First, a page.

Marcel Hirscher (AUT), 1,344
Beat Feuz (SUI), 1,330
Aksel Lund Svindal (NOR) 1,131
Klaus Kroell (AUT) 605
Beat Feuz (SUI), 598
Didier Cuche (SUI), 521
Aksel Lund Svindal (NOR), 413
Didier Cuche (SUI), 400
Beat Feuz (SUI), 368
Ivica Kostelic (CRO), 336
Beat Feuz (SUI), 300
Romed Baumann (AUT) 159
Marcel Hirscher (AUT), 705
Ted Ligety (USA), 513
Massimiliano Blardone (ITA), 408
Ligety blew out of the course in the final GS.
Andre Myhrer (SWE), 644
Ivica Kostelic (CRO), 610
Marcel Hirscher (AUT), 560
A knee injury at
fragments in his knee. Bode Miller, having fun again, skiing well, and in conten-
tion for the downhill title, would be forced to call it a season after a knee injury
he sustained off the last big Sochi jump. And in Sochi’s combined downhill,
Ivica Kostelic would tweak a knee that required surgery, essentially ending any
significant contributions to the rest of his season. He was leading the overall
and slalom standings. His combined victory at Sochi, completed for all practical
purposes on one leg, did bring him that title, his career fifth crystal globe. The
Feuz gamely stayed in the chase, even winning at Kvitfjell, but it was evident
he didn’t have his top gear. The super G at Schladming was the last straw.
Hirscher’s 60 third-place points moved him within 75 points of the Swiss. A win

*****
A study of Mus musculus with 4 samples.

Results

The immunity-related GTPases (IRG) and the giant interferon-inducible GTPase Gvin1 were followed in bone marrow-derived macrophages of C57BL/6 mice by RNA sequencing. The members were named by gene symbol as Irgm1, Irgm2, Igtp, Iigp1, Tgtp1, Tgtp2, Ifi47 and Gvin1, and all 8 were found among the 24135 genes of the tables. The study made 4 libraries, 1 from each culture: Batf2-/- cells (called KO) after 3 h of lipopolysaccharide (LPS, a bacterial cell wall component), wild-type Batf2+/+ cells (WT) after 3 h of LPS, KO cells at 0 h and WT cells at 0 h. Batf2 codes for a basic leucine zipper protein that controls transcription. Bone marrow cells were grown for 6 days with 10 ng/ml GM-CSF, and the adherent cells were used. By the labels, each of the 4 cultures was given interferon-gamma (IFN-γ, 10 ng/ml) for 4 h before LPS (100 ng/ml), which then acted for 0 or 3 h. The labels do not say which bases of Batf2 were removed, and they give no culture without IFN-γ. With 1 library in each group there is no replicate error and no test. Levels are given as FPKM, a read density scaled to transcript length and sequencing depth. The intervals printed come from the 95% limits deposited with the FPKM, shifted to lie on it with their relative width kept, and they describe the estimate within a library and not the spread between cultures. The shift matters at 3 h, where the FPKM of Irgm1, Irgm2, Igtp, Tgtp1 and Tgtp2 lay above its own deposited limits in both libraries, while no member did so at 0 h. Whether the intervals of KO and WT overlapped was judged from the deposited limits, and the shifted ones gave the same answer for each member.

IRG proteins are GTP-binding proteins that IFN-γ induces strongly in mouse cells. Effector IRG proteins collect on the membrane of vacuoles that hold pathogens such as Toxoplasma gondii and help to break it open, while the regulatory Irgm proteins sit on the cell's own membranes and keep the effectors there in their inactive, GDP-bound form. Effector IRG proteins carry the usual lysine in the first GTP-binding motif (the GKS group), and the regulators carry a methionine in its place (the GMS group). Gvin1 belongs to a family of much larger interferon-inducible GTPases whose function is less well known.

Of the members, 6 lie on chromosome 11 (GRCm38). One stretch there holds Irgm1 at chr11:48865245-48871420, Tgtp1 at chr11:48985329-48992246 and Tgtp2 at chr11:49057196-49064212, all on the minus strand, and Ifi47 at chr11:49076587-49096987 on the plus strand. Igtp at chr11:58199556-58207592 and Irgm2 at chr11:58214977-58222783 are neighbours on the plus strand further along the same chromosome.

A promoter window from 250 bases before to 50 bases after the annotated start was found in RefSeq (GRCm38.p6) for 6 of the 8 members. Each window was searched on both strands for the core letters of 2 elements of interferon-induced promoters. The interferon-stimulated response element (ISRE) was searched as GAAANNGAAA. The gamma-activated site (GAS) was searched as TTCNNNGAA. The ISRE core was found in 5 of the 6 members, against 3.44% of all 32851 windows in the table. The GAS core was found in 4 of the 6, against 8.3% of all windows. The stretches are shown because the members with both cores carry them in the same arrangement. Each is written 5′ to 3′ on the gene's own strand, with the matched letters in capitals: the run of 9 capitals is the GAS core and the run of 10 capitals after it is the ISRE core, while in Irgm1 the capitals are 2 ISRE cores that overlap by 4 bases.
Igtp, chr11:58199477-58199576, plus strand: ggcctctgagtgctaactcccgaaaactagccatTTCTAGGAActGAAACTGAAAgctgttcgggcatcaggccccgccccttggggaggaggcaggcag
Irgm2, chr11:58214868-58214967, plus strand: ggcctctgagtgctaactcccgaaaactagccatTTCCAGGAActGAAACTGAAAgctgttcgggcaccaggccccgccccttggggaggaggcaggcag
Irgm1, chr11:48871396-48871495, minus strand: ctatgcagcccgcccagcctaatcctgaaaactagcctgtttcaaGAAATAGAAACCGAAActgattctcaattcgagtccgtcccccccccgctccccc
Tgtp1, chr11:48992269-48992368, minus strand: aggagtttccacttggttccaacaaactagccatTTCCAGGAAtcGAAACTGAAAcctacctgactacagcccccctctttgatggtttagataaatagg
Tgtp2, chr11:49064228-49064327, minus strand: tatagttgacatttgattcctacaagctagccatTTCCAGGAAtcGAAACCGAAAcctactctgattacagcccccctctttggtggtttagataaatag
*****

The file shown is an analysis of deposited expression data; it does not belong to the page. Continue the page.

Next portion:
in GS the next day put Hirscher 25 points in the lead with just the slalom left, and
Feuz gave up the chase. He would finish the season second overall, second in
downhill, second in combined and third in super G, all to different men. With the
retirement of Cuche, Feuz finds himself in the role of Swiss team leader.
The GS title was one of close scrutiny for U.S. fans. Ted Ligety came into
the season as the clear No. 1, having won the crown in 2011, 2010 and 2008.
Though he would score more GS points in 2012 than in any of those seasons,
he would finish the year 192 points behind Hirscher.
Shred Ligety started strong, going 1-2-1. A pair of fourths, in the season’s
most prestigious GS’s at Alta Badia before Christmas and Adelboden after New
Year’s, left him clinging to the GS standings lead with six weeks to wait for the
next race. Ligety’s aggression on skis is well known. There are dangers in that
approach. As he said, “live by the sword, die by the sword.” At Bansko, Bulgaria,
as the GS season moved into a calendar with four races in a month, he spun out
in a second-run charge. At Crans-Montana, in heavy, wet and very warm snow,
Ligety made a tactical error and found himself looking up at Hirscher in the GS
Ligety rebounded with potency at Kranjska Gora (see the story in this issue)
with the biggest winning margin of the season, but the damage had been done.
He went to Schladming a severe underdog, needing the Austrian to crack to
overtake him. Far from cracking, Hirscher came into the Schladming GS on
the heels of his super G breakthrough and survived his own first-run error for
his ninth win of the season. After blowing out in the first run but hiking, Ligety
grabbed a pair of next season’s controversial skis and recorded the fastest sec-
ond run of the day, just after Cuche had clearly demonstrated just how far ski
equipment had come with his four-and-a-half minute run.